By Thom Fladung/Hennes Communications

Any business leader who’s been caught in a hailstorm of criticism after an internal matter went viral must have had a surge of schadenfreude watching the Google diversity memo controversy. Google leadership was immersed in a crisis over an internal memo in large part because, well, people could Google it.

Beyond that briefly satisfying guilty pleasure at the misfortune of others, what can be learned from this example of crisis and reputation management?

A recap: On Friday, Aug. 4, a 10-page memo from a Google software engineer leapt from internal Google communications vehicles to going viral online, apparently reported first by Motherboard. The memo questioned Google diversity campaigns and, most explosively, argued that any gender gap at Google could in part be attributed to biological differences – i.e., women on average are more open to feelings and are more neurotic; men care more about things than feelings and have a higher drive for status. By Saturday evening, an email to employees from Google’s vice president of diversity, criticizing the memo, was online. On Sunday, Google’s CEO weighed in with an email to employees – that also leaked quickly. On Monday, news broke of the firing of software engineer James Damore.

As Business Insider reported, Google is faring well on social media, with positive mentions of its actions.

In Fortune, Adam Galinsky wrote of the classic “right vs. right dilemma” with the employee’s right of free speech clashing with the right to protect people from speech that creates a hostile work environment. “Whatever action Google took,” Galinsky wrote, “needed to be fast, clear and thoughtfully articulated.”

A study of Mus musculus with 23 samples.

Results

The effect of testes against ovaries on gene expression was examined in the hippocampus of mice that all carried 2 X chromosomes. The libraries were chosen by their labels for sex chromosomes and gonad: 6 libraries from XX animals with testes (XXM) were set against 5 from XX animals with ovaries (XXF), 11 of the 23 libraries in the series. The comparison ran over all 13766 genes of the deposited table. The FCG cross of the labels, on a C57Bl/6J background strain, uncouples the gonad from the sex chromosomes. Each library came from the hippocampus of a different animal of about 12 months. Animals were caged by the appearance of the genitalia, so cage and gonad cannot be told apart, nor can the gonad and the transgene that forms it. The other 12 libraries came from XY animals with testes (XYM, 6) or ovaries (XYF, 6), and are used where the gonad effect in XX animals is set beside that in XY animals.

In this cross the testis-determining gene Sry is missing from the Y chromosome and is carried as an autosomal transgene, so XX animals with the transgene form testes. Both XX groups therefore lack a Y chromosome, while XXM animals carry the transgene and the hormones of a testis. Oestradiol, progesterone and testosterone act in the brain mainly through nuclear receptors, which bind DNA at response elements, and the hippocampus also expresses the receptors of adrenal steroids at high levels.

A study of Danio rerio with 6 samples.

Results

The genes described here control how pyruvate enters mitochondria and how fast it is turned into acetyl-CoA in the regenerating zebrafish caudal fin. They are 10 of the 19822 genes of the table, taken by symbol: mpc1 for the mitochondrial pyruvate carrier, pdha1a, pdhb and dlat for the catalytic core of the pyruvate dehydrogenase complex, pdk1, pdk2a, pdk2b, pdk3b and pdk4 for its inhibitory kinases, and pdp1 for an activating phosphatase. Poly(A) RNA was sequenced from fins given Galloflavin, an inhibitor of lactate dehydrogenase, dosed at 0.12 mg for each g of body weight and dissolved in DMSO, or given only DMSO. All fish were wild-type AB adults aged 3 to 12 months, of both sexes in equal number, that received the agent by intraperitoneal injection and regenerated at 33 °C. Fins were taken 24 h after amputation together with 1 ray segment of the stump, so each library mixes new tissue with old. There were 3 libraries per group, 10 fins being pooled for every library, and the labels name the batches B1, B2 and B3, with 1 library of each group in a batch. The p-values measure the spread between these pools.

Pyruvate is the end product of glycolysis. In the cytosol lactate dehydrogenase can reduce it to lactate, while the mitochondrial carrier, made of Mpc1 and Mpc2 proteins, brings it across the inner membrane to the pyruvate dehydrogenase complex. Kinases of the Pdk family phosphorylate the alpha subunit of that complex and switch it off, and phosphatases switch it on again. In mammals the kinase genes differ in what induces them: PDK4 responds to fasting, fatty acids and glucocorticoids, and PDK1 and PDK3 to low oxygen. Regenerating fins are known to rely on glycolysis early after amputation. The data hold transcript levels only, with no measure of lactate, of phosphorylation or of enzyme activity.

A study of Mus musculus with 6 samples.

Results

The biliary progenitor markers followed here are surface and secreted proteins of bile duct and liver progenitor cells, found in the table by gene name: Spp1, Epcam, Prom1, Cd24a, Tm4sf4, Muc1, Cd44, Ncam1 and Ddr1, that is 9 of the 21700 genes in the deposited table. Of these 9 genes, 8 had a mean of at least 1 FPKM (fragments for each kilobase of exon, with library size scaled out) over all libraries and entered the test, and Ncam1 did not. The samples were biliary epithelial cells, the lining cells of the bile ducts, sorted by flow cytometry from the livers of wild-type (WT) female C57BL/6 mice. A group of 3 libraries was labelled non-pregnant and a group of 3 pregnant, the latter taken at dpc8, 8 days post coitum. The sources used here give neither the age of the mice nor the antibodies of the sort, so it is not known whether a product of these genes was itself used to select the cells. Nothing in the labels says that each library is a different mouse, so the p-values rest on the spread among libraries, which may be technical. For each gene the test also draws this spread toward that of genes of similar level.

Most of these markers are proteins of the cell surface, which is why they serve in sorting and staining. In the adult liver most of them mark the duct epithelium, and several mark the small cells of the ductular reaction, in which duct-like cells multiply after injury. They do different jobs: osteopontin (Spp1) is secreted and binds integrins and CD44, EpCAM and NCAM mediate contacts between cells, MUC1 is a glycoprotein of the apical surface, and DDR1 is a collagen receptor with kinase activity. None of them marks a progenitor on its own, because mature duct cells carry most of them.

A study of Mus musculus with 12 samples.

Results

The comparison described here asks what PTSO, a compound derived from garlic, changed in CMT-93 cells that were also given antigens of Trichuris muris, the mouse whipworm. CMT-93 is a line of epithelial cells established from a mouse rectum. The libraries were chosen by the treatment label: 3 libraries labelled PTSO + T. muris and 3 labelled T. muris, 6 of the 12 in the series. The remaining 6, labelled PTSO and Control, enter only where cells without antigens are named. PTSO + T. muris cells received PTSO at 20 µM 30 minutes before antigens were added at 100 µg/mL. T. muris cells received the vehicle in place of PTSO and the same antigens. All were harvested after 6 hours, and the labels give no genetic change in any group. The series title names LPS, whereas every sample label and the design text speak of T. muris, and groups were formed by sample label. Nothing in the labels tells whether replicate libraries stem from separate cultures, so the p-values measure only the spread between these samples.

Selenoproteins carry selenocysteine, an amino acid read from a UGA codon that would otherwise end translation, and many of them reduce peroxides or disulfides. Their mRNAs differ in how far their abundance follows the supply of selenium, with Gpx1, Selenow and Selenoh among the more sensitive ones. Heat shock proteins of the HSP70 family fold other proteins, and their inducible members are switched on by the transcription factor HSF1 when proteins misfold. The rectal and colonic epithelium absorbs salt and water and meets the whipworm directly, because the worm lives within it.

Google met that test – and many others. See if you’d be up for these challenges.

  • Act fast. Google’s leaders didn’t have the luxury of pondering a response. Social media and today’s speed of communications require action.
  • Remember your most important audience – your own employees. Within hours of the crisis going public, Google Vice President of Diversity, Integrity and Governance Danielle Brown emailed Google employees. “We are unequivocal in our belief that diversity and inclusion are critical to our success as a company,” Brown wrote. Of the memo, she said, “I found that it advanced incorrect assumptions about gender.”
  • Crises never happen at convenient times. Brown started at Google just a few weeks ago. CEO Sundar Pichai was out of the country on work – and about to start a family vacation. You can’t prepare for every specific crisis. But you can have a crisis management plan for how you’ll respond to any crisis. Google’s responsiveness indicates someone was planning.
  • Don’t deny the obvious. Damore has supporters – inside and outside the company. He raised what sound like valid issues of concern. CEO Pichai addressed that in his communication to employees on Sunday: “…much of what was in that memo is fair to debate, regardless of whether a vast majority of Googlers disagree with However, portions of the memo violate our Code of Conduct and cross the line by advancing harmful gender stereotypes in our workplace. ”
  • Assume your crisis has long legs. Assess and keep planning. On Monday, Damore filed a complaint with the National Labor Relations Board. Wired reported that Damore performed an offensive skit while a Harvard student and on his LinkedIn profile deleted a degree he claimed but which he had not earned. This is all far from over.
  • Keep matching your words with action. CEO Pichai canceled his vacation, planned to return from overseas and hold a Google town hall meeting on Thursday. Bet that was an interesting meeting.

Thom Fladung is a vice president at Hennes Communications.